Tumor Organoids Preclinical Models Dream Team - Stand Up To Cancer

Tumor Organoids Dream Team:
A New Preclinical Model for Drug Sensitivity Analysis

Grant Term: April 2014–April 2019

The SU2C–Dutch Cancer Society (DCS) Tumor Organoids Dream Team has developed a groundbreaking technology that allows oncology samples from patients to be maintained and grown in the laboratory. These growing cancers, called tumor organoids, provide an unprecedented opportunity to combine science’s ability to sequence the DNA of tumors from individual patients with laboratory studies to see if the cancer will respond to or resist specific anticancer treatments. The organoids allow studies of sensitivity and resistance to a large number of anticancer drugs, ultimately helping doctors bring better and more targeted treatments to cancer patients.


The promise of precision medicine lies in the ability of researchers to devise treatments that are specific to the genetic profile of individual patients and their tumors. However, predicting which drug or drug combination will be the most effective based on the genetic makeup of a tumor remains a challenge.

In order to investigate the consequences of all the DNA changes that contribute to cancer progression, and how those changes can be targeted by drugs, this SU2C–DCS Tumor Organoids Dream Team has developed a groundbreaking technology that allows tumor samples isolated from patients to be maintained and grown in a laboratory setting as “tumor organoids.”

Importantly, these tumor organoids will allow studies of sensitivity and resistance to a large number of anticancer drugs in the lab. The ultimate goal is to design new and more sophisticated clinical trials that test treatment regimens tailored to a patient’s tumor. If successful, this Dream Team project has the potential to provide a true paradigm shift in our current approach to drug development, clinical trial design, and therapy, ultimately providing effective new targeted treatment options for cancer patients.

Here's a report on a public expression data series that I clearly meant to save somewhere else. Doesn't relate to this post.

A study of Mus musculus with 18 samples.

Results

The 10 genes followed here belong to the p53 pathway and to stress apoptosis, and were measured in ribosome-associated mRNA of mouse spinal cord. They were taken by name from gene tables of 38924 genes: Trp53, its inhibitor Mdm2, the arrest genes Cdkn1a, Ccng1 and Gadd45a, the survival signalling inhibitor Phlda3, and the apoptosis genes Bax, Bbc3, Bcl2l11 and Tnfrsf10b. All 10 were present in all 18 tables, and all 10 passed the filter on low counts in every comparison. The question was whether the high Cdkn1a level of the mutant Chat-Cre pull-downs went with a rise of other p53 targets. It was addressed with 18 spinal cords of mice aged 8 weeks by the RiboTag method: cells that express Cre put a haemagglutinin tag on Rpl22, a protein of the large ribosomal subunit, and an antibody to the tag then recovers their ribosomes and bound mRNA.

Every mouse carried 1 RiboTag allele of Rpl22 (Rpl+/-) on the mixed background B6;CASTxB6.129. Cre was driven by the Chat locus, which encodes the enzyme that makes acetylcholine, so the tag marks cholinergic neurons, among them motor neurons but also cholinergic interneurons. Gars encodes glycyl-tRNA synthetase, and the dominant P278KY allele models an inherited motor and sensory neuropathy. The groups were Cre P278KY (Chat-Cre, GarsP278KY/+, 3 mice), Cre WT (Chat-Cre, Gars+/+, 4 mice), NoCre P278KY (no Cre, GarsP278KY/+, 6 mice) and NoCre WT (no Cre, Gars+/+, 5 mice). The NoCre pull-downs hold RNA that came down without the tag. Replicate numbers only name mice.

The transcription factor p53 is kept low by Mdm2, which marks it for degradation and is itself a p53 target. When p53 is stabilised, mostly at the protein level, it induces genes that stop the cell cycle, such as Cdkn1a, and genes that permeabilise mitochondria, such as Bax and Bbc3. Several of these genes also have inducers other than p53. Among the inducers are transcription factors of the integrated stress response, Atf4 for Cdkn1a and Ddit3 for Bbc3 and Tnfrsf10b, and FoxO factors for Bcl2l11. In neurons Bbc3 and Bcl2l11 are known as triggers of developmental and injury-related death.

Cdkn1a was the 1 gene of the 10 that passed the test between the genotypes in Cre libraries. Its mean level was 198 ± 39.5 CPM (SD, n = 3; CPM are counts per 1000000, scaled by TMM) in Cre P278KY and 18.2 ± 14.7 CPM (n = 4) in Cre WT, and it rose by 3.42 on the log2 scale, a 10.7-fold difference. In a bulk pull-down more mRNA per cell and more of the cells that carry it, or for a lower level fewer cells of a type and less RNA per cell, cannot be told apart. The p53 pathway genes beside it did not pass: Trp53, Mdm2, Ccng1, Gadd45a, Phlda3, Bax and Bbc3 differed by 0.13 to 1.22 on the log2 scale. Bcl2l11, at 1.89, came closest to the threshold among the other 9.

The top scientists and researchers on the SU2C–DCS Tumor Organoids Dream Team come from a variety of backgrounds and disciplines, which leads them to great insights upon collaboration. Learn more about the SU2C–DCS Tumor Organoids Dream Team.

Dream Team Members

Hans Clevers, MD, PhD
Hubrecht Institute

Johannes Bos, PhD
University Medical Center Utrecht

Michael Stratton, MD
Wellcome Trust Sanger Institute
Principal Investigator

Lodewyk Wessels, PhD
Netherlands Cancer Institute
Principal Investigator

Jeannette Janzen

Margreet Jonker

Patrüschka Wolfsen
Princess Maxima Center for Pediatric Oncology
Project Manager

“Our goal [is] to use a recently developed technology that allows tumors to be grown in the laboratory to develop a large ‘living biobank’ for colon, pancreatic, and prostate cancers. We expect to be able to use this biobank to identify new drugs and drug combinations for evaluation in clinical trials.”

Hans Clevers, MD, PhD
Hubrecht Institute


Stand Up To Cancer’s research projects are designed to foster collaborative, swift translational research. The hallmarks of these efforts include rigorous application and selection procedures, sufficient funding to allow scientists to focus on the objectives of the grant, and reviews by senior scientists every six months. These reviews help the investigators capitalize on the latest findings, address potential roadblocks, and collaboratively evolve as the science requires. Please click on the link to see summaries of research results so far for the SU2C–DCS Tumor Organoids Dream Team.



A Living Biobank of Breast Cancer Organoids Captures Disease Heterogeneity
Sachs N, Voest EE, Clevers H, et al. (2018)
Cell 172(1):373-386.e10.
Human Primary Liver Cancer–Derived Organoid Cultures for Disease Modeling and Drug Screening
Broutier L, Garnett MJ, et al. (2017)
Nature Medicine 23:1424–1435.


Cancer clinical trials allow researchers to study innovative and potentially life-saving new treatments. The goal is to find treatments that are better than what’s currently available; in fact, the therapies offered to today’s cancer patients were almost all studied and made possible by people participating in clinical trials. But many cancer clinical trials aren’t completed because not enough people take part.

At StandUpToCancer.org/ClinicalTrials, you’ll find information and answers to common questions about clinical trials. Learn more and talk to your doctor to see if a clinical trial may be the best choice for you.

You can also connect with EmergingMed, a free and confidential clinical trial matching service that provides access to a vast database to help you identify the clinical trials that might be right for you or your loved one.